By Fareed Zakaria
"The democratic recession we're witnessing has been particularly visible in big 'swing states'—the non-Western countries with the largest populations and economies. Since the late 1990s, democracy has broken down in Russia, Nigeria, Venezuela, the Philippines, Pakistan, Bangladesh, Thailand, and Kenya," writes Larry Diamond in The Atlantic.
"The Philippines is the one relative bright spot in the group today, with a democratically elected president, Benigno Aquino, committed to serious governance reforms. Russia has become not just a venal and despotic state, but a neo-imperial menace to its neighbors as well. Nigeria has reverted back to tragic levels of political kleptocracy and fraud, feeding political polarization, ethnic resentment, citizen alienation, and an increasingly virulent Islamic terrorist movement in the north. The grip of 'Bolivarian socialism' has weakened in Venezuela as governance has deteriorated, violence has exploded, and the opposition has unified behind a liberal challenger first to Hugo Chávez and then to his designated successor. But it will be a pyrrhic victory for democrats if the Chavista regime falls and social order collapses alongside it."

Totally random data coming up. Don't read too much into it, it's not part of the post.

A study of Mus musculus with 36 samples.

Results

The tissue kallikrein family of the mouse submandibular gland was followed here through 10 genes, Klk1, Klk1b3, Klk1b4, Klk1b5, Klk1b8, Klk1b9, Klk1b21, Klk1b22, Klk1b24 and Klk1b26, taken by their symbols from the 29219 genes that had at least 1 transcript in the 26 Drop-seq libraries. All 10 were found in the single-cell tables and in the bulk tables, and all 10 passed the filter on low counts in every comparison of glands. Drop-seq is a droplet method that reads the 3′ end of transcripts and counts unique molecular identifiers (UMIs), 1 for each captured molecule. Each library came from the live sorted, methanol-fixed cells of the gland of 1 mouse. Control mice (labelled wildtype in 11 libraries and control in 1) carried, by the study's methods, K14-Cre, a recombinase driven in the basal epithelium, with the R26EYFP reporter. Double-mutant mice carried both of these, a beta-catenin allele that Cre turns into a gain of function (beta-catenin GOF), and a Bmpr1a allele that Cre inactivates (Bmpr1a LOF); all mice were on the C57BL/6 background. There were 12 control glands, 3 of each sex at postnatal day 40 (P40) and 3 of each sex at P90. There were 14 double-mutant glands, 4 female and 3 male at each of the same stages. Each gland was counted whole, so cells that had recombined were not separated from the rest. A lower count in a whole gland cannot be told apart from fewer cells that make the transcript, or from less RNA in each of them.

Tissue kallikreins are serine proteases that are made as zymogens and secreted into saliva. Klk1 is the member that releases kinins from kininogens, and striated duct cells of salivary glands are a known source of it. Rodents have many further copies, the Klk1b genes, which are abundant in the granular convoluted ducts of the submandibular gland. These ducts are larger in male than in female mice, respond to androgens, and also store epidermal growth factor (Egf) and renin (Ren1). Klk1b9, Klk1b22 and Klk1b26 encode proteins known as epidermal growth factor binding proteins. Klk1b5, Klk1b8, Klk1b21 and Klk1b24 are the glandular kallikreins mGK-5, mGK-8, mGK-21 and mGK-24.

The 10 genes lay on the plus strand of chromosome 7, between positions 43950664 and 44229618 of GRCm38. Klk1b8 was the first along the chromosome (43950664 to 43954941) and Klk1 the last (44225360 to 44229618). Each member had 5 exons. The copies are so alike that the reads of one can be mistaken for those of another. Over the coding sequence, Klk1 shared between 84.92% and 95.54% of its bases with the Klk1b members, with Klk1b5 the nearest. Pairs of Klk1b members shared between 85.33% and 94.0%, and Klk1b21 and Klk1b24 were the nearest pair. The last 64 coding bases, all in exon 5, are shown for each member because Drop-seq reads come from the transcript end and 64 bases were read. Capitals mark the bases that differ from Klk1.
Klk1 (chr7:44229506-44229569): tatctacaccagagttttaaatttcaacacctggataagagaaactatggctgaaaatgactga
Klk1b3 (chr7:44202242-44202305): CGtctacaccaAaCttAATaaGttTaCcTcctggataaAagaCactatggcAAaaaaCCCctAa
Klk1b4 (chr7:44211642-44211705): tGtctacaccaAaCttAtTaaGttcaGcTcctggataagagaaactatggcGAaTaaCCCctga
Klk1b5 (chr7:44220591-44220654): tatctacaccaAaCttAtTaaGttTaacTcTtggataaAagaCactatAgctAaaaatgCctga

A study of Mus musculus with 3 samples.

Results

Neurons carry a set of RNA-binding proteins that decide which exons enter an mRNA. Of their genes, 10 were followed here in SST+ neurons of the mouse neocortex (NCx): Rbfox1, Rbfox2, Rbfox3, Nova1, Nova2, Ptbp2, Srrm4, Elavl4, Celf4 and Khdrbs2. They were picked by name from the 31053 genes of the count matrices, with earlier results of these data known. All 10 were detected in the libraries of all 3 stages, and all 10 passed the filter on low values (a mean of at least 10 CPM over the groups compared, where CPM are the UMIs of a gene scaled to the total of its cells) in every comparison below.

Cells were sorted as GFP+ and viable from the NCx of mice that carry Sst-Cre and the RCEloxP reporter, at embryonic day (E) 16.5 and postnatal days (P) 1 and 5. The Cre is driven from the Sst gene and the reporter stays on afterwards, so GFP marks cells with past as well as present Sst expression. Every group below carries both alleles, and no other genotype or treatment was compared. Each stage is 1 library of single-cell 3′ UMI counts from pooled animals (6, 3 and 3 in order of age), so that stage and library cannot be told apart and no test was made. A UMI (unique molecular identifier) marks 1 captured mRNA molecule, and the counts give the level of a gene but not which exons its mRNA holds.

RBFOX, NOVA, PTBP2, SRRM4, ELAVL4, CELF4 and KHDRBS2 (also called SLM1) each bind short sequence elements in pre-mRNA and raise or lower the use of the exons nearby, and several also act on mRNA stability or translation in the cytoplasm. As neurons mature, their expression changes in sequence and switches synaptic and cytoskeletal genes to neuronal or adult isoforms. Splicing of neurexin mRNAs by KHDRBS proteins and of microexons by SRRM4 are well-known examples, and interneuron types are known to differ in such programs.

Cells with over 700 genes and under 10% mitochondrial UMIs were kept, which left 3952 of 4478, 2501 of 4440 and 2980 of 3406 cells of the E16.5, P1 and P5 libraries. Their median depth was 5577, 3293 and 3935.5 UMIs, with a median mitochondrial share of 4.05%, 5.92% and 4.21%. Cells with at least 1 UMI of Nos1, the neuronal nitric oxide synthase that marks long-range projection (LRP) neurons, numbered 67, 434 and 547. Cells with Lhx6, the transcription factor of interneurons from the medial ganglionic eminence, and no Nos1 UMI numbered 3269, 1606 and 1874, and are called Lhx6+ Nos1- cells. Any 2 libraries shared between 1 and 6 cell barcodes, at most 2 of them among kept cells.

"Modern economics too often seems to devolve into statistics and mathematical formulas, which is only one of the reasons the world will miss Gary Becker, who died on Saturday at age 83," writes the Wall Street Journal. "The Nobel laureate always put the study of humanity first and foremost, applying the principles of his discipline to human capital and how it can best be utilized for the common good."
"Sometimes there are good, practical reasons for sticking with the old thinking, or some of it," argues John Cassidy in the New Yorker. "When Gary Becker, Milton Friedman, and other members of the Chicago School reminded other economists that price systems convey valuable information, and that incentives matter, they were imparting important truths. But they took the laissez-faire arguments too far, and many of their followers went even further, denying the very possibility of market failure and pillorying virtually any form of government intervention as counterproductive."